Landy was the man most famous for popularizing the cigar with drag racing drivers. Driving his Automotive Research and “Landy’s Dodge” Super Stocks and A/FXers with a cigar firmly clenched in jaw, he became popular national wide. The Sherman Oaks, California ace raced at all the big ones … the first Super Stock Nationals where he runner-upped to Al Eckstrand in Unlimited Stock. He was the 1973 AHRA Pro Stock champion and won NHRA eliminator titles in categories ranging from Pro Stock to Street and Modified, the last two of which he won in consecutive NHRA Winternationals (1969-1970).


The Everman, Texas, pro was one of the pioneers in South Central racing with his “Scorpion” line of fuel dragsters. He didn’t confine his activity to Texas, racing as far west as Bakersfield, Calif., and Brooksville, Florida. In 1961, he ran 8.31 and 8.38 time track records at Green Valley, Texas, and Caddo Mills, Texas, and in 1964, won Top Fuel at the AHRA National Championship drag races at Green Valley in Smithfield, Texas, effectively making himself the AHRA Top Fuel champ for that year. Langley had one other ace up his sleeve. In 1965, he and Frank Pedregon, Sr. were the only two drivers this writer can recall that blazed (as in actually set aflame) the tires while smoking them on a run. In Aug. of 1963, he held NHRA Top Fuel E.T. record at 8.16.


Maybe the most legendary of all Funny Car drivers. He only won one NHRA national event, the 1975 Summernationals, and a just a handful of AHRA events, most notably the 1968 AHRA Winternationals 64-car show at Lions. He was the ultimate stylist, doing FULL quarter-mile burnouts before anyone else and booking as many as 120 dates a year in his prime, which extended from 1967 through 1976. Interestingly enough, the last RECORDED race he engaged in at the end of the 1976 season, he lost to a young driver named John Force.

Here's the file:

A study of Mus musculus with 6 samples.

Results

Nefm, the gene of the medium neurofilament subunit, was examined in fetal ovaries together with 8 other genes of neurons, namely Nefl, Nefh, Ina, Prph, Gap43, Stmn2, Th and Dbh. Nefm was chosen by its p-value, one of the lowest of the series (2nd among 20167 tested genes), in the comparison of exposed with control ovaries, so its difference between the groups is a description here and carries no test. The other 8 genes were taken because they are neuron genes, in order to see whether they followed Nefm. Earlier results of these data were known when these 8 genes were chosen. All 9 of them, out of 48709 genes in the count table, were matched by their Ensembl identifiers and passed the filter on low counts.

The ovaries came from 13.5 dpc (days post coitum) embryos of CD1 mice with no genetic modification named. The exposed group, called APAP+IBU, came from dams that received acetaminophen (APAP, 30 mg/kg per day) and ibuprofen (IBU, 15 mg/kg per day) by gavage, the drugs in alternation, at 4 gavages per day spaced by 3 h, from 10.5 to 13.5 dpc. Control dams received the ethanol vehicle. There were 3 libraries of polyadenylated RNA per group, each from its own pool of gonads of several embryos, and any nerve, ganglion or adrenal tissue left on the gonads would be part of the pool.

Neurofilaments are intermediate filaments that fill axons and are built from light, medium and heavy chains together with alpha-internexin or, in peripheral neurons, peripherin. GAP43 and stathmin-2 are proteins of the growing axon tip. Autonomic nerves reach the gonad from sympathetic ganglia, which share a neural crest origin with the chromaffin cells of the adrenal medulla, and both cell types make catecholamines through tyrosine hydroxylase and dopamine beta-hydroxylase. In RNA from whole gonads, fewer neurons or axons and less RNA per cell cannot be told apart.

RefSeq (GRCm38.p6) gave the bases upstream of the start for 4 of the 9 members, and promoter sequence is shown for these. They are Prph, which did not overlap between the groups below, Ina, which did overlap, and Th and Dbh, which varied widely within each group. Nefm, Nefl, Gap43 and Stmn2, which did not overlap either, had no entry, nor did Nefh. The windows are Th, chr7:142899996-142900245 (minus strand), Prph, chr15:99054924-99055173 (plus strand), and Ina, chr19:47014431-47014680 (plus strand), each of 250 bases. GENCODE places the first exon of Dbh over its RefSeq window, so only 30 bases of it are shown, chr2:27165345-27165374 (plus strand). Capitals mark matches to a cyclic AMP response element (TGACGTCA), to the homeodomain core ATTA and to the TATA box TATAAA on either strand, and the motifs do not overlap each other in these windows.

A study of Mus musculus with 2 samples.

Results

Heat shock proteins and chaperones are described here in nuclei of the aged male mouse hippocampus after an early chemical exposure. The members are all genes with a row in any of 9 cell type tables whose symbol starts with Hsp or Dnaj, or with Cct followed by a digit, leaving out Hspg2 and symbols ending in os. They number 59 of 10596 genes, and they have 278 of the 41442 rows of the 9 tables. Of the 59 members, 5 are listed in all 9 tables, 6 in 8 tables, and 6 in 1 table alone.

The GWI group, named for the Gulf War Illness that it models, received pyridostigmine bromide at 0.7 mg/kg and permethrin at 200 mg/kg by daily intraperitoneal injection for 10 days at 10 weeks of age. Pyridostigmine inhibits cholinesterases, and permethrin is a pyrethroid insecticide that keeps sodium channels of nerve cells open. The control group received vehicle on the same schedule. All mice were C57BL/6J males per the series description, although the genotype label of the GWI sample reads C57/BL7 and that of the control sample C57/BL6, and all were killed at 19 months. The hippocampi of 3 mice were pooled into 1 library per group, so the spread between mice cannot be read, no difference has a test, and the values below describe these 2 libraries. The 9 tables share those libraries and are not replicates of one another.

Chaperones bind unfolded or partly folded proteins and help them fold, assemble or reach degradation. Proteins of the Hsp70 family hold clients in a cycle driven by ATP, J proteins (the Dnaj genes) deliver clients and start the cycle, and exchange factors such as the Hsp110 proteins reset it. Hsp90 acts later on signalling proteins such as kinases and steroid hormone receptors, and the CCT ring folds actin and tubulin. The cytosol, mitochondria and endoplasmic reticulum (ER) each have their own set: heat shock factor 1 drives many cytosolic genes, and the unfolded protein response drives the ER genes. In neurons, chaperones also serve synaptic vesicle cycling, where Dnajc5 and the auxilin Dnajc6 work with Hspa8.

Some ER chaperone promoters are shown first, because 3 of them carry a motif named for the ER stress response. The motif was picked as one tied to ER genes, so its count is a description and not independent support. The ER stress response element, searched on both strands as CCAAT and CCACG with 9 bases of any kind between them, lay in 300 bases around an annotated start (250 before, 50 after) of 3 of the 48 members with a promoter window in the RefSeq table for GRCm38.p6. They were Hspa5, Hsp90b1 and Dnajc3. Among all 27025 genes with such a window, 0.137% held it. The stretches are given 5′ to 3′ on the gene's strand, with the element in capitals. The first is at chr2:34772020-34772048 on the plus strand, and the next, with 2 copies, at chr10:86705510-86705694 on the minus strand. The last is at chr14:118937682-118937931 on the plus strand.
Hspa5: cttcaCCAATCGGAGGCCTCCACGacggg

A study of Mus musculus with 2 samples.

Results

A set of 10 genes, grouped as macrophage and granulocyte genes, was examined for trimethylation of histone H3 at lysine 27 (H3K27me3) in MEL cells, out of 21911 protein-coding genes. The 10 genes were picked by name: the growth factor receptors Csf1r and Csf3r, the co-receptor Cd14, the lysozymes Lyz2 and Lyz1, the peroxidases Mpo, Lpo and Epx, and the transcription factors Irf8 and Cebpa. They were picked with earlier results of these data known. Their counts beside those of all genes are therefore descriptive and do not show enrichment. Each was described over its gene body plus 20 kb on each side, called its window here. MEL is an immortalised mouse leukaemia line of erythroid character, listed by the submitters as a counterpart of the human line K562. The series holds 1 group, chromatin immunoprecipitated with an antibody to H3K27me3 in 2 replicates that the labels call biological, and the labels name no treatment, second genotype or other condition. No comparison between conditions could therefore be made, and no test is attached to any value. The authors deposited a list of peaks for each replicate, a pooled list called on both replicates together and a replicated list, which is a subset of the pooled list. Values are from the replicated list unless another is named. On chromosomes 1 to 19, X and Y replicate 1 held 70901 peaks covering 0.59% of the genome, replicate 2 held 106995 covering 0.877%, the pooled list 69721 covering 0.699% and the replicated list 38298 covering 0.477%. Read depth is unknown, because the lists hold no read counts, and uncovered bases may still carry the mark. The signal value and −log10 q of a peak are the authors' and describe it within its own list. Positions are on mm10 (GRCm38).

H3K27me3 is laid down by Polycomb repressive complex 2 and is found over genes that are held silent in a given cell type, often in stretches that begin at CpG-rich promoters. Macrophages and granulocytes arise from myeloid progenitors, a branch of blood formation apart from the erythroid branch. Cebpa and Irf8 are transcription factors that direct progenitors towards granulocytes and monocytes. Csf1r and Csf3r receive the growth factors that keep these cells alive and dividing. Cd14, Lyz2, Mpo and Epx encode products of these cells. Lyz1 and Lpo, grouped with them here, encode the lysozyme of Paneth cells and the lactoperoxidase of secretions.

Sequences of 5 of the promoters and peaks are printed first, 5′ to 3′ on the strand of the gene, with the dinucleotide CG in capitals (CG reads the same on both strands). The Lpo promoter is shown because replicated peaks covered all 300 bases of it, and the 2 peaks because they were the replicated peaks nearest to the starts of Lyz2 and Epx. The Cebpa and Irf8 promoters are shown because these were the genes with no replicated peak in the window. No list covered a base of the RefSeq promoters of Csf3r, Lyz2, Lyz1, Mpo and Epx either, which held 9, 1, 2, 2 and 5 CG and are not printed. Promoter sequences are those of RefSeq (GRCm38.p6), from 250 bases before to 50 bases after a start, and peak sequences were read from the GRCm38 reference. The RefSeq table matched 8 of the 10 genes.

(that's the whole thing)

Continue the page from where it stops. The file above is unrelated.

One of the truly all-around driving talents in drag racing history, wheeling not only Top Fuel dragsters and Funny Cars, but Indy 500 and NASCAR entries as well. The Florida driver got his start filling in for an injured Don Garlits and immediately stepped to the fore setting top speed records, including the first time slip over 190. He ran 195.63-mph in September of 1959. He was the Drag News Standard 1320 No. 1 driver in Feb. of 1963, the 1963 Bakersfield March Meet winner, the winner of the 1963 AHRA Nationals at Green Valley, Texas, and the 1965 AHRA Summer National Drags at Gary, Ind., these at the wheel of his own dragster. Malone raced with distinction through the 1967 season.


One type of car and one great career describes Bill Golden. He drove his own “Maverick” SS/A Dodges in the early 1960s and then made history with his Dodge “Little Red Wagon” -- the sport’s first wheelstander. As most know, Golden’s mercurial rise with this crowd-pleaser led to literally dozens of imitators. As far as we know, he never won a national event, but he did, in fact, change the sport.


A winner of four NHRA Top Fuel titles and 18 NHRA Funny Car event titles, McCulloch is one of the great ones. His accomplishments can be traced back to June of 1965 when he beat Pete Robinson for the Drag News Top Fuel No. 1 spot to the U.S. Nationals where he was a six-time winner. He won five Indy Funny Car titles and then in 1992 garnered the U.S. Nationals Top Fuel bauble. And in match races, from Bakersfield to the Fresno Race of Champions, McCulloch has likely been in the winners circle. His most famous Funny Cars were the ones he campaigned with Art Whipple and his own Revell “Revell-ution” cars. And he took a $100,000 bonus from Billy Meyer for winning both races in one season at the Texas Motorplex when it was an IHRA facility.